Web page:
Analyse the ways in which the Operations Manager could increase capacity utilisation at KPM in the next year (9 marks)
The factory is currently only operating at about 71% capacity. This suggests that KPM has room to increase their output without pushing contingency margins too hard. New workers are inefficient until they have got integrated into the organisation fully, so turnover is bad for productivity in the factory. Luckily, the company is already addressing this as the turnover rate is reducing significantly.
However, last year they were operating at 99% capacity, so the utilisation has dropped off significantly. KPM has clearly invested in improving the overall condition of their facilities, as well as capacity, but they have not scaled appropriately and now have wasted capacity. This is reflected by the higher unit costs this year. It would make sense for KPM to make the decision to employ more people in the factory, as a way to increase the capacity utilisation. Or if they felt that they did not need the extra capacity, they could reduce costs and scale back to a lower total capacity. This would be unlikely to be a good idea due to to the growing demand for their services.
To what extent do you agree that the decision to increase capacity from 545 tonnes to 830 tonnes was correct for KPM (16 marks)
I do not believe that this increase in capacity was a good move for KPM. An increase in capacity was necessary, however they may have been overzealous in their increase, as they now have idling resources. Of course, we do not have information on their expected growth, so if they are expecting growth to continue rapidly, or a large spike in capacity demand, then running at 71% capacity may be a good choice for KPM.
For instance, if the extra capacity is the reason deliveries on time has increased by 6%, then they may see it as a worthwhile sacrifice because it will help their reputation. But the idle resources in the factory could be the reason, or part of the reason, behind the increase in unit costs. KPM are currently dealing with competition, which they have been managing to outcompete in pricing. Therefore, it is vital for KPM to ensure that their costs remain as low as possible, to enable them to profit from selling goods at a low price. Unused factory capacity will contribute to rising costs, which will increase the strain on their pricing model. If KPM falls behind in pricing, they will face a decline in sales and market share—which could be fatal for the business.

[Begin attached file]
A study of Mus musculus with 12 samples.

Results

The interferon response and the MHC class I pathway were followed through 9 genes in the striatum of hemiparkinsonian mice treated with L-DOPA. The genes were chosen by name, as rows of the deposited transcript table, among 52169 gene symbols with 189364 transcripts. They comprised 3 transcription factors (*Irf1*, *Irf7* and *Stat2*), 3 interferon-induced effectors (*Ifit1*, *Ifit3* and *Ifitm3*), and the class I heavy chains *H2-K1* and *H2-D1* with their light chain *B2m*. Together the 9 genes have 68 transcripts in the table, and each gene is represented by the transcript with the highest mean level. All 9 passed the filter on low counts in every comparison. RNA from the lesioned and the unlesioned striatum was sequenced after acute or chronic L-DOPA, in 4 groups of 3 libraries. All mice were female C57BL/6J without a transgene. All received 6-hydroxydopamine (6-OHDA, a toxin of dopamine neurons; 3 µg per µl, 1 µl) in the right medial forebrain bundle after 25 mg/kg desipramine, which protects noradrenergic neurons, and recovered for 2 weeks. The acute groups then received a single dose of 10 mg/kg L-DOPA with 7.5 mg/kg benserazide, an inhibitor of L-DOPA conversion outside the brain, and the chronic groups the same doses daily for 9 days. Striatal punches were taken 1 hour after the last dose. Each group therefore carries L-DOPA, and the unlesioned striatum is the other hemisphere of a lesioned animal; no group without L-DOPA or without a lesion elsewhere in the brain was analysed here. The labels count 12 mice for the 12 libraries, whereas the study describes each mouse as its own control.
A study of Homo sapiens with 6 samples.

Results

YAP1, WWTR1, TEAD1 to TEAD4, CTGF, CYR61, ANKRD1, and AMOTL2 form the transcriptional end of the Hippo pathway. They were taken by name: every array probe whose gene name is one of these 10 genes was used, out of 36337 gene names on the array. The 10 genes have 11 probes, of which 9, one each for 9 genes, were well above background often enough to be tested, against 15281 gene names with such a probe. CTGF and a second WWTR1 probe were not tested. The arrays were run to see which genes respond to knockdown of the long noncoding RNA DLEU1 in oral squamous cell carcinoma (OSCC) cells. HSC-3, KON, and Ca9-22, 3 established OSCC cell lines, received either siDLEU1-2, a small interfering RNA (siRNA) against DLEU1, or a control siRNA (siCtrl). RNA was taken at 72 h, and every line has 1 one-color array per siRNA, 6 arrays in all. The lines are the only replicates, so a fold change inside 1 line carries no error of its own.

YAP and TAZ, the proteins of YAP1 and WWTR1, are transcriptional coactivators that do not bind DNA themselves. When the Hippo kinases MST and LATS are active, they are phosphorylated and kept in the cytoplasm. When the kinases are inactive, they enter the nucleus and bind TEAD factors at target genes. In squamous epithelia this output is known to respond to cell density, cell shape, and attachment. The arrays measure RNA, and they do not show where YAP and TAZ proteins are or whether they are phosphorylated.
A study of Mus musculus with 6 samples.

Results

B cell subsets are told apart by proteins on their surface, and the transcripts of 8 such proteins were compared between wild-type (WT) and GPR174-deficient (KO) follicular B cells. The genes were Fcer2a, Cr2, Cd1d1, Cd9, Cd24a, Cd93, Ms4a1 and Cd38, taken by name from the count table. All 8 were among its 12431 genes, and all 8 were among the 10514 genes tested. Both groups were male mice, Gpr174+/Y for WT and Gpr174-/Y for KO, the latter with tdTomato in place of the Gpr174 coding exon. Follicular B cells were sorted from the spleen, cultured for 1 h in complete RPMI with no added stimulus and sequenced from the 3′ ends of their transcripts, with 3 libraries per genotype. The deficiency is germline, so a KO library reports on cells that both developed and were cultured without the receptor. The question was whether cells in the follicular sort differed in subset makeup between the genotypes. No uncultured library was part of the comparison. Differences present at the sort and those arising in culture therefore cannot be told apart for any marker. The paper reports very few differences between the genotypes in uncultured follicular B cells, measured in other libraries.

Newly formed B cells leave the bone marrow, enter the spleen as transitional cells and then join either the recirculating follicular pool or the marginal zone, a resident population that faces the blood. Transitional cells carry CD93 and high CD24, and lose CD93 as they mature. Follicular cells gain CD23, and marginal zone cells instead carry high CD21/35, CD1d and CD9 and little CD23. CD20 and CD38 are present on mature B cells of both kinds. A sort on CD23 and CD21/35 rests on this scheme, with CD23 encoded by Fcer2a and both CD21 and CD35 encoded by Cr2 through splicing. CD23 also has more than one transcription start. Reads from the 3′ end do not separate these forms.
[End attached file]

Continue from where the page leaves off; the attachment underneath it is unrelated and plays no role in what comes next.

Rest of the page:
Because of the somewhat precarious situation the business is in—the main objective should be managing competition and retaining or growing market share. It may be wise to temporarily reduce capacity. If possible, turning machines off when they aren’t actively required, they could reduce their capacity to lower costs.
Another issue that KPM needs to consider is that the paper industry is in decline globally as everyone moves towards a digital solution. This means that the lifespan of the company is limited and if the market is shrinking, they need to diversify. Diversifying into another market could help save KPM from dying along with the paper industry, however if their plan is to diversify then they should focus on that rather than increasing factory capacity. The large multi-million pound investments in state-of-the-art machinery and new premises may not have been a wise choice, as these resources may have been better spent on migrating towards a new industry.
In conclusion, there are many different choices KPM could make, however the increased capacity is unlikely to be a good move in the long run due to market decline.